Friday, August 29, 2014

Can the Fuji X-T1 really replace a full frame DSLR?

This week my Nikon D810 was in the shop having the thermal light spot issue fixed. I had been using it almost exclusively for my lifestyle photography as a result of its new improvements. Instead of going back to my mainstay lifesyle camera, the Nikon D4, I decided to use only the Fuji X-T1 instead. There were a few times when I had to resort to the D4, usually when I needed the super fast shutter speed, and also when I was using a Nikon SB-910 flash outdoors and I needed a high synch shutter speed.

One of the weaknesses of the Fuji X system is that it doesn't have the sophisticated flash units of pro level DSLR cameras. For instance, I have no trouble integrating a Nikon SB-910  into a bright outdoors setting with a Nikon camera because the shutter speed can synch at very high levels. When using the same flash -- or any flash -- with my X-T1 I have to resort to the maximum speed of 1/185 second, and that is with a low ISO of 200. This doesn't allow much in terms of exposure maneuverability. In these circumstances I am stuck compensating by stopping down, or, if I want to keep the lens wide open, of using ND filters.

Aside from this one weakness, however, the Fuji X-T1 came through with flying colors. The lenses I used with it were the 56mm f/1.2, 35mm f/1.4, 23mm f/1.4, 10-24mm f/4 zoom, and Zeiss Touit 50mm f/2.8 macro. That was it.

I did use the X-T1 with the Nikon SB-910 flash units for quite a number of situations, triggering it with the Yongnuo RF-603NII  flash transmitters I tested with a Fuji X-camera in a previous blog post. The flash units will only work manually with the Fuji X cameras, but I normally use camera flash manually anyway so this was not a problem.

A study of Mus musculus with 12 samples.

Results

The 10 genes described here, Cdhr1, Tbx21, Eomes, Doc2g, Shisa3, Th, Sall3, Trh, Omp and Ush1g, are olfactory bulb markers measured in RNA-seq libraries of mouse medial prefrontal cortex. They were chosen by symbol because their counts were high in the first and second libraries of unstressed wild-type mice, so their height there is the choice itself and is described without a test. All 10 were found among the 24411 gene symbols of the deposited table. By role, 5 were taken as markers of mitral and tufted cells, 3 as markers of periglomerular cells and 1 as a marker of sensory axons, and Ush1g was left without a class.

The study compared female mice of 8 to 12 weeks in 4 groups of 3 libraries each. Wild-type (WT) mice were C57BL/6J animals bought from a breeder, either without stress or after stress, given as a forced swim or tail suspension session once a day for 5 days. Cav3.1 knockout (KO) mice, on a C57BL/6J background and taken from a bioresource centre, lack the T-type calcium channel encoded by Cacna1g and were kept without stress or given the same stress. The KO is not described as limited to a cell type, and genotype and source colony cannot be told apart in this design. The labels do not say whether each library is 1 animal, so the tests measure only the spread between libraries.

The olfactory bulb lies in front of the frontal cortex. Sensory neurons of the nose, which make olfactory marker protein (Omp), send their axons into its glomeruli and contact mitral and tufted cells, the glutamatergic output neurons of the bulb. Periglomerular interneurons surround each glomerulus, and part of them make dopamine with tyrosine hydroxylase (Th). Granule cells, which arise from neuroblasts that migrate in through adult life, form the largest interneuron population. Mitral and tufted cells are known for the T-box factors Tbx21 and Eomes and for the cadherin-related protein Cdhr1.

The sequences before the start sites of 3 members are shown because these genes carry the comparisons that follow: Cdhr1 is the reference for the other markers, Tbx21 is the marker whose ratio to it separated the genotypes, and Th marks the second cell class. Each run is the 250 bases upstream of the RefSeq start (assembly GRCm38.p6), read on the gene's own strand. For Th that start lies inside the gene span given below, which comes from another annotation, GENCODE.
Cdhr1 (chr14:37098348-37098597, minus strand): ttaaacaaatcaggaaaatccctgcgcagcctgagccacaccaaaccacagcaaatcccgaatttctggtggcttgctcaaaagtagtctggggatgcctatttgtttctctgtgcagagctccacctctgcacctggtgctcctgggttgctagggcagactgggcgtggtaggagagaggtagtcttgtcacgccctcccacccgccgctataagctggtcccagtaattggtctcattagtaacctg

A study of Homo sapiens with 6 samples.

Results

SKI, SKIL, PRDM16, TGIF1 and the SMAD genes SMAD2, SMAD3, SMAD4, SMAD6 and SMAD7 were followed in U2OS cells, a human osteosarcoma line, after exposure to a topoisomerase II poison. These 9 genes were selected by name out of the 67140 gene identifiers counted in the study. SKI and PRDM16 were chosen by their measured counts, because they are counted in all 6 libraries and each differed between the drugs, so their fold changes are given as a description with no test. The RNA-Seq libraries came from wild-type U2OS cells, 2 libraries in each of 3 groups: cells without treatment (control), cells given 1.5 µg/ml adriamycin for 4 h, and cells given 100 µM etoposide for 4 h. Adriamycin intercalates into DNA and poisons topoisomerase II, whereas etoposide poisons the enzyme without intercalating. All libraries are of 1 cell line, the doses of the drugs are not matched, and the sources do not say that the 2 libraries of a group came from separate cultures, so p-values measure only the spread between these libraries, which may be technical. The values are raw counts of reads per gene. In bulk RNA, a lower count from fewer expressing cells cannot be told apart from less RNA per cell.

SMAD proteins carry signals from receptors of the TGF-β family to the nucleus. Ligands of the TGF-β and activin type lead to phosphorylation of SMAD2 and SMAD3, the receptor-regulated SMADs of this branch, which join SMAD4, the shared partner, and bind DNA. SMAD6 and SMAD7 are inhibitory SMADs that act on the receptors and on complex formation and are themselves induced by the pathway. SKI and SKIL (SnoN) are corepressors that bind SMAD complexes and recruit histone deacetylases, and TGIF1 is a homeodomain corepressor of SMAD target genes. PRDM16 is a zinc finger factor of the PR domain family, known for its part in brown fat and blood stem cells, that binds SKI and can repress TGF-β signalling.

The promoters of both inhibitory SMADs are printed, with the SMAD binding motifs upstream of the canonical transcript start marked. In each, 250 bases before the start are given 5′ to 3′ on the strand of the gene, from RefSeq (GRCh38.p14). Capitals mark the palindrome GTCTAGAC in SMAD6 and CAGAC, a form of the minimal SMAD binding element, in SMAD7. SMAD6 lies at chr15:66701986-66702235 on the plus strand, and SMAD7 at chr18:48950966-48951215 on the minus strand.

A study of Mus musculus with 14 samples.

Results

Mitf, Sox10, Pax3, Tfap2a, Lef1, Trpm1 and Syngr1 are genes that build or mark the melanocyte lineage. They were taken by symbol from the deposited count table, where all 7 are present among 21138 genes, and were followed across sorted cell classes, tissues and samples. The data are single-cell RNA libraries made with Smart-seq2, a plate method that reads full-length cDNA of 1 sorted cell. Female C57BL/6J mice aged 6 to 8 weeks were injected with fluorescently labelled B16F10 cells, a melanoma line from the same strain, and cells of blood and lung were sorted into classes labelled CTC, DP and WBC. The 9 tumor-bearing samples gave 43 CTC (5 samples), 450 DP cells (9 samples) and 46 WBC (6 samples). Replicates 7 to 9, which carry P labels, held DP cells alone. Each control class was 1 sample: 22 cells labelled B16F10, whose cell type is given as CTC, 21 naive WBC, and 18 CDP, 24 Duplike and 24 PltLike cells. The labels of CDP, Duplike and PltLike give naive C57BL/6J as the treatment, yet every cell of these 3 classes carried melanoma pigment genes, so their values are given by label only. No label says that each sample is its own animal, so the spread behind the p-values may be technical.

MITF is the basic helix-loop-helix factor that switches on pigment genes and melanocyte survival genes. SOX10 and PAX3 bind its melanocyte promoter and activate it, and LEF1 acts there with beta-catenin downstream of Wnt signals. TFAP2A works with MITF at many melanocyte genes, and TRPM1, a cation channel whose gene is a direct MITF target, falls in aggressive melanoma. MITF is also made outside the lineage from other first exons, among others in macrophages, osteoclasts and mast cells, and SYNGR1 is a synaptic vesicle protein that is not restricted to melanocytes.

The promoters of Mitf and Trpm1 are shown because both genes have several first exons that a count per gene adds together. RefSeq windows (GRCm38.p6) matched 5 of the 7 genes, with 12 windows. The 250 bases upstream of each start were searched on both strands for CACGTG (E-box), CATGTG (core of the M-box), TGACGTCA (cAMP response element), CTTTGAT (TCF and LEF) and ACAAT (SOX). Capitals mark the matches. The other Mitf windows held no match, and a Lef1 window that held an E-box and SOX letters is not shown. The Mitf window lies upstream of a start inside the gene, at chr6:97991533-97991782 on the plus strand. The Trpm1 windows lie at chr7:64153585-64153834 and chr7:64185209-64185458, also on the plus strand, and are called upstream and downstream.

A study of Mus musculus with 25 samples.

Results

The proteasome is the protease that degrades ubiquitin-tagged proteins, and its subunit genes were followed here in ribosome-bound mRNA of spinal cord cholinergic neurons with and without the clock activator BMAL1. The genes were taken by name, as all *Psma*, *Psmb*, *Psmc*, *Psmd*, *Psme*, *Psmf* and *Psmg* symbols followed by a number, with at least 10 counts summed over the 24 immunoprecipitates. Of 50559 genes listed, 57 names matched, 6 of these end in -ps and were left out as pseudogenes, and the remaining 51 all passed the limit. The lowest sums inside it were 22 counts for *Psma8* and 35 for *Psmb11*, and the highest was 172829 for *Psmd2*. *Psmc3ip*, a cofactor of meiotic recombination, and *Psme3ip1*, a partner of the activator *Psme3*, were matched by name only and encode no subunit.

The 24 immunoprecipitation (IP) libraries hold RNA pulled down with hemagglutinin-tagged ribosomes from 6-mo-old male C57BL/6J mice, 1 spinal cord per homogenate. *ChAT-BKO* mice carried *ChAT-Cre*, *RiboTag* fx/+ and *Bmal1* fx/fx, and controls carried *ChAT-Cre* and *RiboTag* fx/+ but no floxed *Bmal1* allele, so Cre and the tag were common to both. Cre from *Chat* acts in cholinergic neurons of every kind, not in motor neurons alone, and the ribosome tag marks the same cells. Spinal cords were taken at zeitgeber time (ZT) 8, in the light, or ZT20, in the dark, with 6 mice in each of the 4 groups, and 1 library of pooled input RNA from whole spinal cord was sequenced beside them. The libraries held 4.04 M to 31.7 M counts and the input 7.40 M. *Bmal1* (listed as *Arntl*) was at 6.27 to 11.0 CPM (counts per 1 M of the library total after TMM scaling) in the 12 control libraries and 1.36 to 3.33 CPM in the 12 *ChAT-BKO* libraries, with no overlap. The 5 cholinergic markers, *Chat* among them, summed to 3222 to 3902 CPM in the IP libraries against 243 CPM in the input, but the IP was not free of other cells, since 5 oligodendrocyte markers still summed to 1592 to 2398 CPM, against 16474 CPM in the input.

For this photo and the one below, the Nikon flash was placed behind the model's head and triggered remotely using the Yongnuo RF-603NII . For this photo the flash was hidden behind the model's head. In the shot below the flash was off to the left of the model and shining directly into the camera to cause the flare. Both photos were taken in a shadowy area of a parking lot, and all the bright light was supplied by the flash unit. And, yes, the motorcycle was stationary. 

It is obvious where the SB-910 flash was placed in the photo. It is shining directly into the camera lens, the Fuji 10-24mm zoom. 

Here I placed the flash unit in the refrigerator. The Yongnuo RF-603NII  had no trouble triggering it. Unlike using the Nikon flash units with a Nikon camera, line-of-site is not an issue. 

Yongnuo RF-603NII flash trigger for Nikon flash units sits on top of my X-T1. The Nikon flash unit is then mounted onto a second flash trigger. This system was used to fire the flash used to take all the photos above. The flash units only work in manual mode due to the limitations of the Fuji X camera. The system is relatively inexpensive at $35 for two units. Best place to pick these up is from Amazon where you can get immediate shipping. 

No flash used here, only a very strong back light. 

Extreme backlighting with no front fill. The X-T1 had no trouble focusing or dealing with the light in this harsh situation.
Bottom line results for this week's experiments is that I would have no trouble using the Fuji X-T1 as my principal camera. It focuses fast and accurately, and once you are accustomed to the nuances of working mirrorless instead of through the lens, some of the benefits -- like being able to actually see what how the exposure will look -- make up for the limitations.

One thing I did notice after completing my edit and post-processing of these shoots is that they seemed to require the least amount of post-processing correction compared to my normal workflow from other cameras. In fact, I was surprised when some images required literally nothing at all. Considering that I usually work -- intentionally -- under difficult lighting conditions, this was even more surprising.

Fujifilm has been doing a yeoman's job of supplying a new type of pro-quality mirrorless camera accompanied with exceptional optics.  Eventually, the company is going to have to turn its attention to the producition of a fully integrated flash units to round out the system.


  1. Very interesting pictures- Thanks for sharing them with us.

  2. So what's the answer to the question posed in the title?